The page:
Terang's Elizabeth Clarke is always thinking of others.
The harness racing stalwart has received the honour of having the prestigious Mares' Triple Crown named after her.
While humbled to receive the recognition, her hope is to see people benefit from the three-race series; especially because the COVID-19 pandemic has impacted the sport.
"If it was possible for people to get some financial pleasure and comfort from this series that would be so pleasing for me," she said.
"In the end, the people, participants and horses are what make the industry and we must never forget that.
"Their generosity of spirit must not be underestimated."
The Elizabeth Clarke Mares' Triple Crown will launch with the Make Mine Cullen Pace on August 22.
The Angelique Club Pace is on August 29 before finishing with the $100,000 group one Queen of the Pacific on September 5.
There's an extra $20,000 up for grabs if a mare wins all three races.
Clarke originally declined the honour of having her name to a race but Harness Racing Victoria (HRV) chairman Dale Monteith insisted it go ahead.
The stalwart said she had initially knocked it back "because there are so many other people in the industry that are hard working and passionate, and who are really decent people, and they deserve acknowledgment too".
Monteith heaped praise on Clarke.
"Elizabeth has given a lifetime of service to this industry and we're pleased to unveil the Elizabeth Clarke Mares' Triple Crown," Monteith told HRV.
"Elizabeth was a fantastic HRV Board member with a strong focus on corporate governance principles, financial management and integrity functions. As I have stated previously her empathy for the participants and business acumen was second to none."
Clarke didn't come from a harness racing background but has been an integral part of the industry for many years.
Her family moved to Terang when she was a teenager.
She was 17 when Terang Harness Racing Club secretary, the late Dan O'Grady, asked her if she would take shorthand for the stewards at each race meeting.
Clarke didn't have a driver's licence so her father drove her to each meet.
She became the club's secretary in 1995 and held that position for 15 years.
But she also held many other roles with HRV during that time.
She joined the racing appeals tribunal for HRV in the state's county court in 2001 after former Minister for Racing Rob Hulls selected her for the role.
Clarke, who served for 11 years, was one of two industry representatives working alongside four judges.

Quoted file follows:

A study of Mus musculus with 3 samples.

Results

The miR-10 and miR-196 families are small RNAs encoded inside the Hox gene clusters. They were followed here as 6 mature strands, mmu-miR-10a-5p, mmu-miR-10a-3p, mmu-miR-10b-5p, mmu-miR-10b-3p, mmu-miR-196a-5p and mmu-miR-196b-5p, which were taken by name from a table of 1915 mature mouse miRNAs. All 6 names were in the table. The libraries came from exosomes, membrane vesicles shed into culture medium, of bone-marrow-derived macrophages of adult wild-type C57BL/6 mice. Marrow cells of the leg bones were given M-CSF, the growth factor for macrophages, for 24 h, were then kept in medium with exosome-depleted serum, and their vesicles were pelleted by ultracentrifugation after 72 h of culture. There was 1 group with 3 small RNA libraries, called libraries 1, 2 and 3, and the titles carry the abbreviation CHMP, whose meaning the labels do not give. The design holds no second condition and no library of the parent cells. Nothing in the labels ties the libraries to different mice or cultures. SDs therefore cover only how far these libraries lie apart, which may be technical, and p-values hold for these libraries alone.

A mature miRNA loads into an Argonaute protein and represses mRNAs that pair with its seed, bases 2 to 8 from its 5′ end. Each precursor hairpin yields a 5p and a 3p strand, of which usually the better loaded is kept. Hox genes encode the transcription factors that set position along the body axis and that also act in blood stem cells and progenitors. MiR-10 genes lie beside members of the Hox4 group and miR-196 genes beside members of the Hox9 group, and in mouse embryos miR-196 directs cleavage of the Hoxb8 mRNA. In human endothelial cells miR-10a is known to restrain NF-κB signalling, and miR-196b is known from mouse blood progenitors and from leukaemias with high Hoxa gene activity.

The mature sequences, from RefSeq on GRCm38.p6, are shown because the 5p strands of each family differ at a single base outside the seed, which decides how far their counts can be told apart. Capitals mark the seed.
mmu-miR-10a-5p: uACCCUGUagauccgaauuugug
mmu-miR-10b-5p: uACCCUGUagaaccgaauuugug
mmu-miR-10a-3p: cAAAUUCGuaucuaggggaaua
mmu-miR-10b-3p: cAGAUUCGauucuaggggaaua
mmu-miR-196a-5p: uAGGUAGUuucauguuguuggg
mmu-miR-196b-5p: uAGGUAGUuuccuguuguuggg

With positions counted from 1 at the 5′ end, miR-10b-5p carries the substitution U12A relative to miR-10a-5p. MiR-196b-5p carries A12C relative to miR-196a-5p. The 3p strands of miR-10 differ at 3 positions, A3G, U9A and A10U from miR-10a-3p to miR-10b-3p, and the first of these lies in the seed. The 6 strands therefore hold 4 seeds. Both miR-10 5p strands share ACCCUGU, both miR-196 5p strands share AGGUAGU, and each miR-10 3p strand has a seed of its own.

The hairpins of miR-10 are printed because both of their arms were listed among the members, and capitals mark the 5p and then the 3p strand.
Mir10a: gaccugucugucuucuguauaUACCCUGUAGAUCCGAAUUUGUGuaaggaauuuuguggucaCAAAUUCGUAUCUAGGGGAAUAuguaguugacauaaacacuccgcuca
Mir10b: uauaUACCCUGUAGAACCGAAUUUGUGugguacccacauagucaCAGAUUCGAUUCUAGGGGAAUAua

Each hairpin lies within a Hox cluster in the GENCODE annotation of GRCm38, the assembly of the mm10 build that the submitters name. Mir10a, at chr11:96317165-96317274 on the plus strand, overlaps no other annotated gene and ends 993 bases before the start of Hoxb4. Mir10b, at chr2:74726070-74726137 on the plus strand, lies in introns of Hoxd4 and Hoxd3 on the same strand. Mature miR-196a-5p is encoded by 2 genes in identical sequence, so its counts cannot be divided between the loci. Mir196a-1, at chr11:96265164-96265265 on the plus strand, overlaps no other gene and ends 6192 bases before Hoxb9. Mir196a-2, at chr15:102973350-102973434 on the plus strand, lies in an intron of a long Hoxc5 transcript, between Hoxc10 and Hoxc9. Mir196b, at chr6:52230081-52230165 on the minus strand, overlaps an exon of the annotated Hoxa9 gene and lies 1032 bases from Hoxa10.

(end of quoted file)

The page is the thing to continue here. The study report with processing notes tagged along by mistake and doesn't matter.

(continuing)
She would also become the first female on the Racing and Appeals Disciplinary Board and hold that position for two years.
Former Premier Denis Napthine, who was Minister for Racing from 2010-14, appointed Clarke to the HRV board in 2012.
She served as deputy chair for seven years until she resigned from her role as director in 2019 because she was selected to join the Victorian Racing Integrity Board (VRIB).
Former Supreme Court judge Jack Forrest is chairman of the board which was formed in 2019.
Current Minister for Racing Martin Pakula selected Clarke for that role and she is the deputy chair representing HRV.
Clarke said she found her current position "extremely interesting" because the VRIB covers all three racing codes - harness, thoroughbred and greyhound.
The board has a number of important functions including considering proposed amendments to the rules of racing.
She has also been the chairwoman of the Harness Racing Advisory Council (2016-19) among her other roles.
The respected figure is also proud to have mentored plenty of people, teaching them administrative roles, how to manage conflict and how to deal with matters of integrity in racing.
In particular, she's helped people understand the expectations of the rules of the sport.
Clarke said working to get Terang's new track was among her treasured memories.
"That was my greatest delight," she said.
Clarke said the project was a "collaborative effort of committee, board and state government working together".
She was club secretary while Neil Busse was HRV board chairman at the time.
The project started in October 2000 and finished in February 2001.
"We finished below budget and finished the project ahead of time," she said.
Clarke, who still lives at Terang, has seen plenty of changes in the industry since she first got involved but she said the advancement in technology was the standout.
"When I commenced taking shorthand for the stewards at the race meets, I would never have thought that I would be involved in the use of drones (today)," she said.
"Technology has just come so far."
Clarke said she didn't use computers and mobile phones when she started in the industry.
She added drones were now one of the resources available to integrity departments.
HRV is preparing for a July 1 return of metropolitan and feature racing.
It recently released its July-August feature race program.
The rest of the feature racing calendar is expected to be revealed in the next fortnight.
HRV has been operating under a region-based model since early April due to the coronavirus pandemic.
It has increased stakemoney at its June 19-20 and 26-27 meets as a way to thank the industry for embracing the regional model. There'll be $100,000 up for grabs at each of the four meets.
Currently south-west trainers can take runners to Terang, Stawell, Ballarat and Melton.